May 28, 2023
Do you pay attention to everything your mind tells you? Our minds can take us on a wild goose ride with all the "What ifs" and "I should haves." The mind is the main cause of the "Worrier" in us and is the culprit for our automatic tendency to "beat ourselves up" at the first sign of problems.

According to psychologists, we have between 60,000 and 70,000 ideas every day, and about 80% of them are unfavorable or self-destructive. For years, negative beliefs have been growing in our subconscious, frequently as a result of instances in which we were “put down” or chastised.

In fact, you might not even be aware that these negative ideas are present unless you deliberately seek to recognize them. Negative thinking begins in early life. It’s difficult to comprehend how damaging negative self-talk can be when it’s so ingrained in your daily life.

For instance, the habitual negative thoughts that arise when things doesn’t go as planned can be, “I’m such a moron. I ought to have been wiser.”

Beating yourself up or thinking negatively on a regular basis leads to the false assumption that you’re “not smart enough,” “not good enough,” or incapable of performing any task correctly. With negative thinking, you’ve undoubtedly compromised your integrity and settled for less than you’d want to admit. Unfortunately, consistently “beating oneself down” makes it hard to feel accomplished and secure.

You may deliberately replace negative ideas with realistic ones or self-soothing ones by telling yourself things like “Everything’s going to be ok- I can do this” or “I can get through this.” This is a fantastic technique to stop thinking negatively. Try to recall instances in the past when, despite believing it was impossible at the time, you overcame challenging moments. Building your self-esteem and confidence by doing this is a powerful way to combat negative thoughts.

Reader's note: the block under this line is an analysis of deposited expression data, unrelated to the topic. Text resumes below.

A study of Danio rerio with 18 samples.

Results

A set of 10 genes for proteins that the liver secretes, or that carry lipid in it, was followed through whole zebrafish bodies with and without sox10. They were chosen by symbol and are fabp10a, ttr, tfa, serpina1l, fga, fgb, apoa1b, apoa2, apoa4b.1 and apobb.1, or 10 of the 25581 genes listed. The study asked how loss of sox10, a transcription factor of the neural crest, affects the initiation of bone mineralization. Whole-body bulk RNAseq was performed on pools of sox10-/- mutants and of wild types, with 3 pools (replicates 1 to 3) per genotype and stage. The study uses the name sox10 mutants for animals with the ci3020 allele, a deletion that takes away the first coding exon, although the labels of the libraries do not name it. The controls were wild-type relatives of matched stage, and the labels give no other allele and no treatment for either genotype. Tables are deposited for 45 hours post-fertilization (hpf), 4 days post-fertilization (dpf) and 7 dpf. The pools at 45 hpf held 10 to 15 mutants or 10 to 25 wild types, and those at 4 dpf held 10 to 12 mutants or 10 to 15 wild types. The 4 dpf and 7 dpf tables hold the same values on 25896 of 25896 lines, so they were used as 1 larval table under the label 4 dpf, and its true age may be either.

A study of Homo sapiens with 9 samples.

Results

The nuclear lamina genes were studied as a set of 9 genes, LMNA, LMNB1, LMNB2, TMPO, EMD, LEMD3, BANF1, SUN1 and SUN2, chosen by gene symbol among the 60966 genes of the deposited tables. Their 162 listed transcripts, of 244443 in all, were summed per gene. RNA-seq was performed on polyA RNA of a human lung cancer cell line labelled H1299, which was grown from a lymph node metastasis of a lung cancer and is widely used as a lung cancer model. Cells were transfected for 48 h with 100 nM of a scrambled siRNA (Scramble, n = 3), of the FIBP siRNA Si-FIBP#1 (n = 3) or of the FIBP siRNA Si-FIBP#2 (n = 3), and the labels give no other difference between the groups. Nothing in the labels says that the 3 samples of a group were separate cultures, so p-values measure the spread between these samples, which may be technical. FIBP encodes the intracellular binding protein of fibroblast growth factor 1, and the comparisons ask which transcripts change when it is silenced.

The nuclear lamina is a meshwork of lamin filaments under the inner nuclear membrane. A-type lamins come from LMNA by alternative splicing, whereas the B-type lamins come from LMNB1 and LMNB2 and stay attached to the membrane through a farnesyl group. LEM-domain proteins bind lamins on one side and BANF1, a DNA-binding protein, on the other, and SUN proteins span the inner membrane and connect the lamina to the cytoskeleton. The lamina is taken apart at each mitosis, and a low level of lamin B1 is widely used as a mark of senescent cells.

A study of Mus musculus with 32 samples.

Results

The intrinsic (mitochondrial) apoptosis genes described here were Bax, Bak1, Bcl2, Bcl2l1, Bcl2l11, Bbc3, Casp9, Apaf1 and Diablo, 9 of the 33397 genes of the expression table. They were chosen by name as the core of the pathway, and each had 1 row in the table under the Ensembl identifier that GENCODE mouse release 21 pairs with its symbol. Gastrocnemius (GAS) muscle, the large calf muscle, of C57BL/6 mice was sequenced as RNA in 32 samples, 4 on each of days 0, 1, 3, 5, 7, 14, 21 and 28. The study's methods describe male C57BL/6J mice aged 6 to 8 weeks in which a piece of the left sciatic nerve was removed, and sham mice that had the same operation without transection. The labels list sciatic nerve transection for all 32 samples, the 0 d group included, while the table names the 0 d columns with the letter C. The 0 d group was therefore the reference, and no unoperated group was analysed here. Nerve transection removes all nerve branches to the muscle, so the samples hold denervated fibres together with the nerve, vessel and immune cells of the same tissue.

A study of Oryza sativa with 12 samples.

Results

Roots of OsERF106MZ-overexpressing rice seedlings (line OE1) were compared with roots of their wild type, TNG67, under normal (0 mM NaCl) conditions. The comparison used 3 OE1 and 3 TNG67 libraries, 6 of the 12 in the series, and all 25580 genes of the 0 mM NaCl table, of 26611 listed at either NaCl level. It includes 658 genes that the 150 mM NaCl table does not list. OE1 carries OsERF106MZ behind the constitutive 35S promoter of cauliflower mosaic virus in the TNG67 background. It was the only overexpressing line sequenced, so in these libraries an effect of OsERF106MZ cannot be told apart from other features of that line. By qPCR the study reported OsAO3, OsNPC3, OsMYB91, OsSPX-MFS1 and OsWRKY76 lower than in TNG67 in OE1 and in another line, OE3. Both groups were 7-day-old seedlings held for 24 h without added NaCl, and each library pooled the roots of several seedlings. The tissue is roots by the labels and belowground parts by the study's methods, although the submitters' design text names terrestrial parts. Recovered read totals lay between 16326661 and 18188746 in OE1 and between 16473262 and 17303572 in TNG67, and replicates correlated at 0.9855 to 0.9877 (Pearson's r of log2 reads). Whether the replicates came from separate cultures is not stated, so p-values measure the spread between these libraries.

Write down your negative ideas when you’ve discovered them. It may actually be “an eye opener” to see things in black and white since it increases awareness of how harmful negative thinking is.

Eliminate the bad. Use a black marker to draw a thick line over all the critical thoughts you’ve recorded about yourself.

Change your negative self-talk to a more optimistic one. Write the exact opposite of your negative thinking, for instance, “I’m incredibly good at managing my workers,” if your negative thought was “I’m useless at managing my employees.”

Remember that your negative self-talk was likely untrue as well if you feel that your positive self-talk simply isn’t true. Because you unconsciously or deliberately thought badly so frequently throughout your life, you began to believe the negativity a little more each day, which is how negative self-talk got so strong.

Your new positive self-talk is based on the same idea. Affirmations of improvement, such as “Everyday, I’m becoming a better person in every way,” can significantly boost your self-esteem.

Every day, tell yourself nice things. Affirmations should be written on index cards or post-it notes and adhered to as many surfaces as you can, including your keyboard, computer monitor, refrigerator, mirrors, and bedside table. You’ll repeat them to yourself and see them more often, which will help them stick in your head. Once you truly feel confident in who you are, the negativity and propensity to “beat yourself up” will become less and less frequent.